Canada must reject cluster bomb

Share by Raja G. Khouri. May 19th, 2008.


Photo: Lebanese woman admits Israeli military destruction in south Lebanon 2006.

A cluster bomb dropped on Centre Block on Parliament Hill could also reach in its spread the East Block, Senate, Supreme Court, Sparks Street pedestrian mall, Ottawa Visitors Center, and parts of the Wellington and Metcalfe thoroughfares. Such is the range, and randomness, of the weapon.

Made up of hundreds of “bomblets” that scatter when a bomb is dropped, cluster bombs not only kill and injure civilians during attacks, but “continue to take life, limb and land from them long after the conflict has ended,” according to the Cluster Munition Coalition (CMC), a network of over 250 non-government organizations in 70 countries, including Canada, that is calling for a complete end to the use of these weapons.

Such is the case in south Lebanon since the summer war of 2006. The UN estimated that of around four million cluster bomblets dropped by Israel during its war with Hezbollah, up to one million remained unexploded, “contaminating fields, schools, rivers and homes.” These have led to the death or maiming of nearly 200 civilians since the conclusion of the conflict.

The village of East Zaotar is a living testimony to the ongoing devastation of cluster munitions. Twenty months after the end of the summer war, the village’s 4,000 inhabitants “continue to be terrorized by the presence of the bomblets,” its mayor, Riyadh Ismael, told me when I visited earlier this year. “Despite the clean-up efforts by the Lebanese army and the UN, a full one-third of our agricultural land is unusable,” he said. Ismael then showed me pictures of little Bilal Yassin who lost his eye and suffered severe facial injuries, and 16-year-old Mohamad Mahdi who lost an arm, both due to post-conflict bomblet explosions.

“Cluster munitions are now the conventional weapons that pose the greatest danger to civilian populations,” says Washington-based Stephen Goose, director of the arms division at Human Rights Watch and co-chair of CMC. “Because a large number of submunitions fail to explode on impact, [they] remain armed and ready to detonate if disturbed, in essence functioning as anti-personnel landmines.”

Peculiar then that Canada, which led the world in putting in place the international treaty banning landmines in 1997, has only reluctantly and half-heartedly embraced a similar effort, led by Norway, to ban the use of cluster munitions by the end of 2008.

At first, Canada promoted the consensus-driven, and largely ineffective Convention on Conventional Weapons as the suitable forum for addressing the dangers of cluster munitions. After joining the “Oslo Process,” Canada aligned itself with a “like-minded” group of mostly European states that produce cluster munitions and that has pushed to limit the scope of the treaty and exempt their arsenals.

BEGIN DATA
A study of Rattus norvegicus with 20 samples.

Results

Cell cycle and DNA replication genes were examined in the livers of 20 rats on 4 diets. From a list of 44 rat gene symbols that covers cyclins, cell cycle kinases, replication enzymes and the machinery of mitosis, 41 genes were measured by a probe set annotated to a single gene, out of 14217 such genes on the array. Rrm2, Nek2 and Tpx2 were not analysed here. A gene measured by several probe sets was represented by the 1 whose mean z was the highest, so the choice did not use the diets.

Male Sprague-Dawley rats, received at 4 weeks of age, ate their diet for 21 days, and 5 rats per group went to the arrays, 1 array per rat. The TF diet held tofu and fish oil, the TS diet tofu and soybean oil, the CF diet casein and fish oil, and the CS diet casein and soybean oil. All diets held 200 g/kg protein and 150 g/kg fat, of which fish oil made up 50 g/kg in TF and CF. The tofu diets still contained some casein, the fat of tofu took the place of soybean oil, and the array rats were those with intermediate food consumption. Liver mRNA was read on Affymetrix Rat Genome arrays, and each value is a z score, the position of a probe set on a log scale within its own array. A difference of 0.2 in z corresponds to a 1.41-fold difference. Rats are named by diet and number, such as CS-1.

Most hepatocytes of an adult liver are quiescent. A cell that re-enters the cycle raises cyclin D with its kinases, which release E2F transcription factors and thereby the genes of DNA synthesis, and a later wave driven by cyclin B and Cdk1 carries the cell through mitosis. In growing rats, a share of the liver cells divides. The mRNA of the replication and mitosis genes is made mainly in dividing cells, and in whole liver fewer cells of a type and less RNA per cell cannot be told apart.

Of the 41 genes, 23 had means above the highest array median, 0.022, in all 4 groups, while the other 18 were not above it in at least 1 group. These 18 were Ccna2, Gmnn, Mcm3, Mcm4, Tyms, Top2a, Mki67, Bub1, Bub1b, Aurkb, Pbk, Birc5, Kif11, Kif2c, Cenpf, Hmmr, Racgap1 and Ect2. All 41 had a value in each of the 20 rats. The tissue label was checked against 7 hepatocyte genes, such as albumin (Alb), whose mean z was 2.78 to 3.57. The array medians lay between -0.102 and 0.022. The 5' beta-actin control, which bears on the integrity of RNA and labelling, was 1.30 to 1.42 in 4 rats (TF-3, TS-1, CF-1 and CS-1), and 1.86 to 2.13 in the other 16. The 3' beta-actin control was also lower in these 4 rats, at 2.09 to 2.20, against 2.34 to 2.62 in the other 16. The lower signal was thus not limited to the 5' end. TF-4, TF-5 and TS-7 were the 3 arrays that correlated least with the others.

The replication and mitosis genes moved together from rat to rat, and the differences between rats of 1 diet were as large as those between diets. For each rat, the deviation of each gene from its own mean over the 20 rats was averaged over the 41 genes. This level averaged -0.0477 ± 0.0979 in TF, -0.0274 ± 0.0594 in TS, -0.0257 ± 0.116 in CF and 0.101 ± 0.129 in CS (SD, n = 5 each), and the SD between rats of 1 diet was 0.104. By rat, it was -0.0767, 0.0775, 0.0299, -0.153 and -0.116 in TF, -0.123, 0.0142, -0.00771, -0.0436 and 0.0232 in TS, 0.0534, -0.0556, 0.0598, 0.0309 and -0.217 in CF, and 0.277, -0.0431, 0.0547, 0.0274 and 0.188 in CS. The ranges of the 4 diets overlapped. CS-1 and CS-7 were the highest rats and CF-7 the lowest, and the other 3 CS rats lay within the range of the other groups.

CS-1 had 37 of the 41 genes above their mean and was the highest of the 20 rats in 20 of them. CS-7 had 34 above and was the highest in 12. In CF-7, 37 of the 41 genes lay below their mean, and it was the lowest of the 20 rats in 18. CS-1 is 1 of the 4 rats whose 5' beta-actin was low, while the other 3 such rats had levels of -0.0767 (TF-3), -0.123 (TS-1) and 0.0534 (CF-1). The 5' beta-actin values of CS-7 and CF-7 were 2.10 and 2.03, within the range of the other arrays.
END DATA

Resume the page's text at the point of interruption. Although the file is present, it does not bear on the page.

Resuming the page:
Canada has said that there should be exceptions to the ban, and spoken of technical fixes that would presumably lower the “failure rate” of the submunitions. But Lebanon has shown us that low failure rates in pristine testing conditions cannot be achieved under combat conditions. The Israeli M85 “self-destructing” submunition had a failure rate of 10 per cent in south Lebanon, rather than the advertised 1 per cent.

Canada’s latest attempt to water down a treaty banning the use of cluster munitions came at the last round of negotiations in Wellington (New Zealand) in February. There, perhaps with an eye to please our southerly neighbours who have refused to join the Oslo Process, Canada proposed an “interoperability” exception. It would allow party states, for a set number of years, to “assist” non-treaty states with the use of banned cluster munitions during joint military operations.

Such attempts clearly do not help bring about an end to the humanitarian cost of cluster munitions.

To this day, Canada refuses to declare a moratorium on the use, production and transfer of such weapons, a curious position for a country that does not manufacture, has never used and has vowed to destroy its small stockpile of cluster munitions. Paul Hannon, director of Mines Action Canada, finds the government’s stand “even more peculiar given that several of our allies have [already] declared moratoriums or bans including Belgium, the Netherlands and Norway.”

With over 100 countries preparing to negotiate the final terms and language of the treaty in Dublin, Ireland this month, Canada has an opportunity to put itself back on the right side of history by endorsing a comprehensive ban on cluster munitions. “Canada should play a leading role,” says Goose. “In part because it is consistent with its strong position on humanitarian affairs … but also because of the effect its leadership will have internationally.”

This means Canada must reject exemptions of certain weapons from the treaty, the insertion of a transition period postponing the ban for later years as well as interoperability exceptions. “Those kinds of revisions will [to the treaty] only undermine the intended purpose of the ban, which is to save lives,” emphasizes Goose.

If the daily terror experienced by the people of East Zaotar is to be avoided elsewhere, a total ban on the use of cluster munitions cannot come soon enough.

Raja G. Khouri is a member of the Toronto Committee of Human Rights Watch. He is also a commissioner with the Ontario Human Rights Commission.